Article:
From the Field: Manila, Philippines
Written by: Michael Carroll, LCO, BSPO
Before boarding the flight to Manila, I was expecting to only see patients that were in need of new prostheses and orthoses. I was pleasantly surprised to see many patients that have not only already received their prosthesis or orthosis, but that many of them were doing so remarkably well!
Similar to some of our patients in the United States, the initial prosthesis that the patient is fit with following an amputation is only used for a brief period of time before they are fit with a more definitive prosthesis. In the Philippines patients will typically first be fit with a Jaipur prosthesis and after 6 months to a year, they will then be fit with an endoskeletal prosthetic system using components that were donated to Physicians for Peace in the United States.
The Jaipur prosthesis was originally developed by Ram Chander Sharma in 1968. It is an inexpensive, waterproof rubber-based foot made for amputees in the developing world. While functional, it remains inferior to many of the advanced carbon fiber modular-based definitive prostheses that most patients in the US are provided.
For definitive prosthetic componentry, PFP receives donations from private individuals and O&P companies in the United States. A good percentage of the donated componentry originally came from Hanger Clinic, where Chad Simpson, Kevin Carroll and I work. Many of our patients donate their old prostheses to their local Hanger Clinic which is then sent to Physicians for Peace for distribution to the Walking Free Program sites around the world.
Physicians for Peace trainer fitting Jessica for a new prosthetic leg.
It was wonderful using these donated components that have already made an impact in the United States to benefit patients in the Philippines Physicians for Peace Prosthetics Lab. During a prosthetic clinic at Philippine General Hospital we met with Jessica, a young girl that had recently undergone a hip-disarticulation level amputation due to osteosarcoma. Using donated components, we were able to cast her for a new prosthesis and fit it to her later in the afternoon allowing her to walk within a matter of hours. Truly a remarkable experience.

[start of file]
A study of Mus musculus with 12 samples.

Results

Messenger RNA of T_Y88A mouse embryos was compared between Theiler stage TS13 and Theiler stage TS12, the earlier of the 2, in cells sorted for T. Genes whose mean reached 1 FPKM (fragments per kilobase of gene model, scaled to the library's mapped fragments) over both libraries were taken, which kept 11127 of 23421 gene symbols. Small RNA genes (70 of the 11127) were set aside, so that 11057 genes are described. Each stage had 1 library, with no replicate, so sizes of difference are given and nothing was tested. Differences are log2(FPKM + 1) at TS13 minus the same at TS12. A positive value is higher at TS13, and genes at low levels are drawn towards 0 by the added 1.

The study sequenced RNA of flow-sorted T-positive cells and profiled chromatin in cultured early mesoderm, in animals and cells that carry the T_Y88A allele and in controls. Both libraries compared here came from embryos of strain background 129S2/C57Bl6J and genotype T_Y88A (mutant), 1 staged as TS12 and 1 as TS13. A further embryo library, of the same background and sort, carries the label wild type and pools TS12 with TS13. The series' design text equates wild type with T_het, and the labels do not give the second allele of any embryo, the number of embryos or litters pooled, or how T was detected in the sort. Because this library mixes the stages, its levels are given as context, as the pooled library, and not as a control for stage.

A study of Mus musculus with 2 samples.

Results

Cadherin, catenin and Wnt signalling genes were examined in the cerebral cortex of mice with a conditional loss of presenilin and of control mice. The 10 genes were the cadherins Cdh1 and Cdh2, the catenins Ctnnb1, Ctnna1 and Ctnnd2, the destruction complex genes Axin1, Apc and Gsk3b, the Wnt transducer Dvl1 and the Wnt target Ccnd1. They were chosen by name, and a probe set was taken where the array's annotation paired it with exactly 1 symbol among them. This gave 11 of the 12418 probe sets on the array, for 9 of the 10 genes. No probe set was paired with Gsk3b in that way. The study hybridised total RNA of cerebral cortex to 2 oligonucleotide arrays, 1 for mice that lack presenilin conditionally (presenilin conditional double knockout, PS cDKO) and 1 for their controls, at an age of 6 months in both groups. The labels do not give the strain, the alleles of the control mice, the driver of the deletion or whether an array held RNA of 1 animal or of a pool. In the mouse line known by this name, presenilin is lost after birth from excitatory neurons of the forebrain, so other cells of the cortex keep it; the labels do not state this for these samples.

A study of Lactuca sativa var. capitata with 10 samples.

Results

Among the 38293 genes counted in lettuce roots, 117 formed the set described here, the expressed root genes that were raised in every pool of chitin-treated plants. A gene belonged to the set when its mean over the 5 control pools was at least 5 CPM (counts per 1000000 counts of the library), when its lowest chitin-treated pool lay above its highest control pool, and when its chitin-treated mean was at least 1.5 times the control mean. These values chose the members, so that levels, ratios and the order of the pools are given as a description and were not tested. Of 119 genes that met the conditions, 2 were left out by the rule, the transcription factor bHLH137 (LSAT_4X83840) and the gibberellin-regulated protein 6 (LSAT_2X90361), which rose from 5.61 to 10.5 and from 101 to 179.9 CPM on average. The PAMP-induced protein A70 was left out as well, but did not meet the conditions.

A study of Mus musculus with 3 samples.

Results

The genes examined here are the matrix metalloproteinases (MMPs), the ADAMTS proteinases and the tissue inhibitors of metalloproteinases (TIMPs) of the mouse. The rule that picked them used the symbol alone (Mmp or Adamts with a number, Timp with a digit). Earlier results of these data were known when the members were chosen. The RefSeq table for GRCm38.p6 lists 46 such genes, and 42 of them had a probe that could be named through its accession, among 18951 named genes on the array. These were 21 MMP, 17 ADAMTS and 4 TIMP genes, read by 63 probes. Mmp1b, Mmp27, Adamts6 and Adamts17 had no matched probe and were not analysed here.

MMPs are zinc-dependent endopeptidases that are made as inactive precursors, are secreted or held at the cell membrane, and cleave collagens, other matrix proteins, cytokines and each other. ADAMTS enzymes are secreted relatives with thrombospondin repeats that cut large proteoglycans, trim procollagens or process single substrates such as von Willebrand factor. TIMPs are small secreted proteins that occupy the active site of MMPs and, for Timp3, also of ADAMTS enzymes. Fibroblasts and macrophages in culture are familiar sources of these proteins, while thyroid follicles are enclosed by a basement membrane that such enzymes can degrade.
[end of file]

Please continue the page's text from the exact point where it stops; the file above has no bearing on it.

One of Physicians for Peace outreach initiatives in the Philippines aims to supply prosthetic legs to all physically disabled citizens who cannot afford the cost of prosthesis. This includes the essential need for rehabilitation, the establishment of a processing laboratory that sustains the continuing refitting and adjustment of the prosthesis and workforce of trained technicians through a landmark opening of a prosthetic and orthotic school in 2011.
Today, in partnership with Physicians for Peace (Philippines), Rotary & Clark Development Corporation and Philippine Charity Sweepstakes Office, the prosthesis laboratory is now capable of producing 20 to 30 prosthesis per month. Since 2008, the lab has already given more than 400 prosthesis to indigents.
Physicians for Peace can reach those in greatest need in a country comprised of 7,000 islands. Your gift of $100 provides training or clinical supplies to ensure that people with disabilities have opportunities to be part of a larger community.